Filed Under: Identification and Authentication, Identity, Mobile Payments, Payment Cards, Payment systems, Payments, Retail and Transit, Ticketing, Transit and Travel

Loosely-coupled MaaS payments


Until recently, MaaS providers have avoided London. We have seen some excellent journey planning apps exploiting Transport for London’s (TfL)  open APIs, but nobody was going that extra mile and actually proving a complete MaaS solution in a single app that allow both planning journeys together with payment and ticketing (i.e. proving authority to travel when entering the transit network). TfL has been very clear that they will not provide any cut of the fares to MaaS providers, so they will have to find other ways to make a profit.

So, the announcement from CityMapper that they are about to launch a MaaS solution in London surely doesn’t make any sense? Given the above barriers to MaaS and the high complexity of London’s public transport network, why on earth would you start there?

The answer is payments and identity, two of our favourite topics. These are services needed in order to offer account-based ticketing (ABT) and ABT is a corner-stone of MaaS. Passengers need to identify themselves to their customer account so that their journey charges can be calculated. Payment for the journeys needs to be handled in a way that is suitable to the particular customer.

One of the barriers I suggested on the TTG19 panel is that payment and identity are too ‘closely coupled’ in modern account-based ticketing offerings. I am old enough to remember the emergence of service oriented architectures in the ‘noughties’. The idea was that by ensuring services are ‘loosely coupled’, they can freely evolve without affecting consumers or implementations. I argued that if everyone rushes to implement the open-loop payment models with the payment networks like TfL has done, then we will be left with fare collection services that are highly dependent on the payment schemes and constrained from evolution. The identifier the passenger uses at the gate is their bank card (or its emulation on mobile or wearable devices). This identifies them to their ABT travel account but it also identifies their means of payment. Some would say this is convenient, I am suggesting it is too closely coupled and will stifle innovation.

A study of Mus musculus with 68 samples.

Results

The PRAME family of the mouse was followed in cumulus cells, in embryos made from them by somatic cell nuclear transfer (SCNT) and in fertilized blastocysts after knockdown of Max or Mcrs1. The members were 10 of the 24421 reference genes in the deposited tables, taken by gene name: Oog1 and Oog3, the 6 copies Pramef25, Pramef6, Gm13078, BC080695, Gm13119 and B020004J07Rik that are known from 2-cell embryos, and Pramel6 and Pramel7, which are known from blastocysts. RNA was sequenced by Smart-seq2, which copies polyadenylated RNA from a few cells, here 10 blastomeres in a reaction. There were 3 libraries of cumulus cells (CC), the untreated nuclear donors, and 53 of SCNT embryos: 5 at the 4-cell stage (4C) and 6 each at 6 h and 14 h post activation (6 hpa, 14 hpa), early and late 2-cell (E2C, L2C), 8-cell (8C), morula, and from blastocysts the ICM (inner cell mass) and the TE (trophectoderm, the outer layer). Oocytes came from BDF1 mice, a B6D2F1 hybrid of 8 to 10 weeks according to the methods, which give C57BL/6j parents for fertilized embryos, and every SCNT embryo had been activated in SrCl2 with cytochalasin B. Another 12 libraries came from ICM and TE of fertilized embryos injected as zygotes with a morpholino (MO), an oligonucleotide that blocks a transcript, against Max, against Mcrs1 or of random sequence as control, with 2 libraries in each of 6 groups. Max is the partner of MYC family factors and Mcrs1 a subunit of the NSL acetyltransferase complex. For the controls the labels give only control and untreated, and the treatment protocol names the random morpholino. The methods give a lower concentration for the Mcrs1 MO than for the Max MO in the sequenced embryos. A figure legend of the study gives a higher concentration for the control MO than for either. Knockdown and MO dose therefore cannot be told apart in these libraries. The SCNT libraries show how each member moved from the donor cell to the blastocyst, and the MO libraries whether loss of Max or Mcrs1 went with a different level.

Open banking APIs are a subject close to our hearts at the moment. The APIs are very new and they seem not to be thinking about transit payments at this stage. However, one could imagine that there could be future open banking APIs that would allow passengers to consent to transit payments from their bank to their MaaS provider without the need for the payment networks in between. I expect this will be subject of future blogs or white papers from Chyp.

The reason CityMapper is launching in London is that all the public transport modes accept open-loop payments and the CityMapper solution to payments and identity is to provide their MaaS customers with a Mastercard-branded prepaid card, ‘Pass’. CityMapper will offer a subscription model at a discount on TfL prices and any travel on TfL modes outside of this will simply use the prepaid bank card like any other.

This works for all London public transport modes, but there are very few other cities that have committed so totally to the open-loop models. It will be interesting to see whether CityMapper can make a profit and if they do, whether they can replicate it outside of London. Right now, it looks like they are using investment funding and planning on taking a loss to start with since they are offering to undercut the TfL fares and as stated above TfL has said they will not offer discounts to Maas providers. Or perhaps city mapper is planning on selling advertising space or plans to sell anonymised travel data to make up the shortfall? Only time will tell.

Meanwhile, may all your transit tokens be loosely coupled and your payment instruments plentiful.